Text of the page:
Malley’s Chocolates is a progressive company, proud of its place in the community and the more than eight decades it has been a part of it.
Mike had worked as a boy in Meadville, Pennsylvania, learning how to create hand-made chocolates using a simple copper pot over an open flame. He brought that experience with him to Lakewood, Ohio, where he used a small $500 loan to rent a store front and living quarters, and purchase the supplies needed to open the first Malley’s Chocolates. Word of Malley’s deliciousness spread, and by the time Mike opened his second ice cream parlor and chocolate store location in 1949, Lakewood police had to be called in to control the crowds.
Mike and Jo’s son, Bill, grew up working in the family business, helping open new stores. When he became president of Malley’s Chocolates in 1967, Bill oversaw the expansion of the chocolate kitchen and factory – which had to be moved twice to larger locations to accommodate growing popularity. Bill’s wife, Adele Ryan Malley, was an integral part of the growth of the business as well. The classic green, white, and pink color combination and casual, upscale ambiance of all the Malley’s Chocolate Shoppes and Ice Cream Parlors reflect her vision for the family business. In 1983, Adele even founded the Malley’s School of Merchandising to advise other confectioners on maximizing sales through interesting store layouts, high-impact packaging, store lighting and product presentation.
83 years later, Mike Malley would be amazed to see what an impact his American dream has had on the Northeast Ohio community.
Malley’s Chocolates is still a family company with all six of Adele and Bill Malley’s children — Mike, Bill, Dan, Patrick, Sis and Megan — hard at work in the business. But when Mike Malley enthusiastically talks about his job, it certainly doesn’t sound like work. “Our business is chocolate,” he muses. “I call that fun. Our entire culture can be described as a fun place to work.”
These third generation Malleys aren’t the only ones having fun. Mike describes how every Malley’s retail manager treats their store as if it is their own business. “Our customers love our retail store managers,” he says. “We are blessed. It’s a family atmosphere. We have employees who have been with us for over 30 years.” During the hiring process, Malley’s looks for people with a “can do” attitude and a solid work ethic. Mike notes that if they find the right people for a position, Malley’s is willing to invest in their training.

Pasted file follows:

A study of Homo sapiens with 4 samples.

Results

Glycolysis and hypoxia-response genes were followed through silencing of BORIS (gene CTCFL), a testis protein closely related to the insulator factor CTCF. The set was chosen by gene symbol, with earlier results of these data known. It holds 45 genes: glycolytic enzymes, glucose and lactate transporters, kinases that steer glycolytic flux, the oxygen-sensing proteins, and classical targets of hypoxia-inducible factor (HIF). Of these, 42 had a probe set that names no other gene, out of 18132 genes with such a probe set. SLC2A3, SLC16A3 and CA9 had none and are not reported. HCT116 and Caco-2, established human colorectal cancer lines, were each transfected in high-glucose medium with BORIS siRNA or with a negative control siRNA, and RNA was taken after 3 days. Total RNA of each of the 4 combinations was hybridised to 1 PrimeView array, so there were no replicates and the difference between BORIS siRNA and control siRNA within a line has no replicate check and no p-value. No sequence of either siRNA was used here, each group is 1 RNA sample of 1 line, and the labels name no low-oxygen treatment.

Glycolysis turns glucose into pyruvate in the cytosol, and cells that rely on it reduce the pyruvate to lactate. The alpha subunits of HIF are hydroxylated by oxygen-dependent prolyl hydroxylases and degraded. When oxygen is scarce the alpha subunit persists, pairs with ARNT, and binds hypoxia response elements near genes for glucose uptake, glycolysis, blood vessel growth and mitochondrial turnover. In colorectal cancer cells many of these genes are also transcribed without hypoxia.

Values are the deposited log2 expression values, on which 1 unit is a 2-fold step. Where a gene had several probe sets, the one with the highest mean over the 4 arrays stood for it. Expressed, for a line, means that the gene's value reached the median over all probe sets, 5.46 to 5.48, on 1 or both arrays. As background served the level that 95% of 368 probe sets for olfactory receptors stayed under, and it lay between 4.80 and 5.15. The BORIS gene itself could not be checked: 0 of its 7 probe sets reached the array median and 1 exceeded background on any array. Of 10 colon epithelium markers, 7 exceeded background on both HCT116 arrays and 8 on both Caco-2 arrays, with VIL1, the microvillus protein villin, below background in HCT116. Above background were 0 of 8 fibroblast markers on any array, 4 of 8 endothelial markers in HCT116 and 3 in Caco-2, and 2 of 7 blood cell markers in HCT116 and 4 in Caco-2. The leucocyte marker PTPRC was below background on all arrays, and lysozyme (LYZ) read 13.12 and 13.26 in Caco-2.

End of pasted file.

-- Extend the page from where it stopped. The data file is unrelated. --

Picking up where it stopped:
“Our business is chocolate... I call that fun. Our entire culture can be described as a fun place to work.”
Mike says he and his siblings are grateful for the sacrifices their parents and grandparents made to start, maintain and grow the company. “The business was handed to us in terrific shape,” he says. “I watched my parents make some tough decisions, such as second mortgages on their house, to plan for the future.” Today, Malley’s has 23 retail locations throughout Northeast Ohio. What’s next? The family is always focusing on ways to grow. Just like many companies, Malley’s is on the lookout for new markets and customers. Whatever the “next chapter” is, Mike is sure Malley’s will adhere to the core principles that have been the keys to their success including “making a very good product for a fair value that is manufactured in a responsible way.”
An interview with Mike Malley is not complete without discovering his favorite Malley’s chocolate. The answer: Bordeaux. “Our rich English toffee crunch center, covered in milk chocolate, and rolled with a crunchy almond finish,” he describes with delight. His close second is the “sweet and salty” mix of chocolate pretzels.
Jeff Consolo, the leader of McDonald Hopkins’ Tax and Benefits Department, has provided estate planning services to the Malleys for nearly 40 years. “Jeff has helped us navigate many succession, tax and estate planning issues,” Mike says. “His advice was very helpful to my parents and our business.” Malley’s has worked with others on the McDonald Hopkins team as well. "As a private company that was transitioning to the next generation, consisting of six owners now, we relied on McDonald Hopkins' guidance in establishing good governance to assist us for a smooth transition."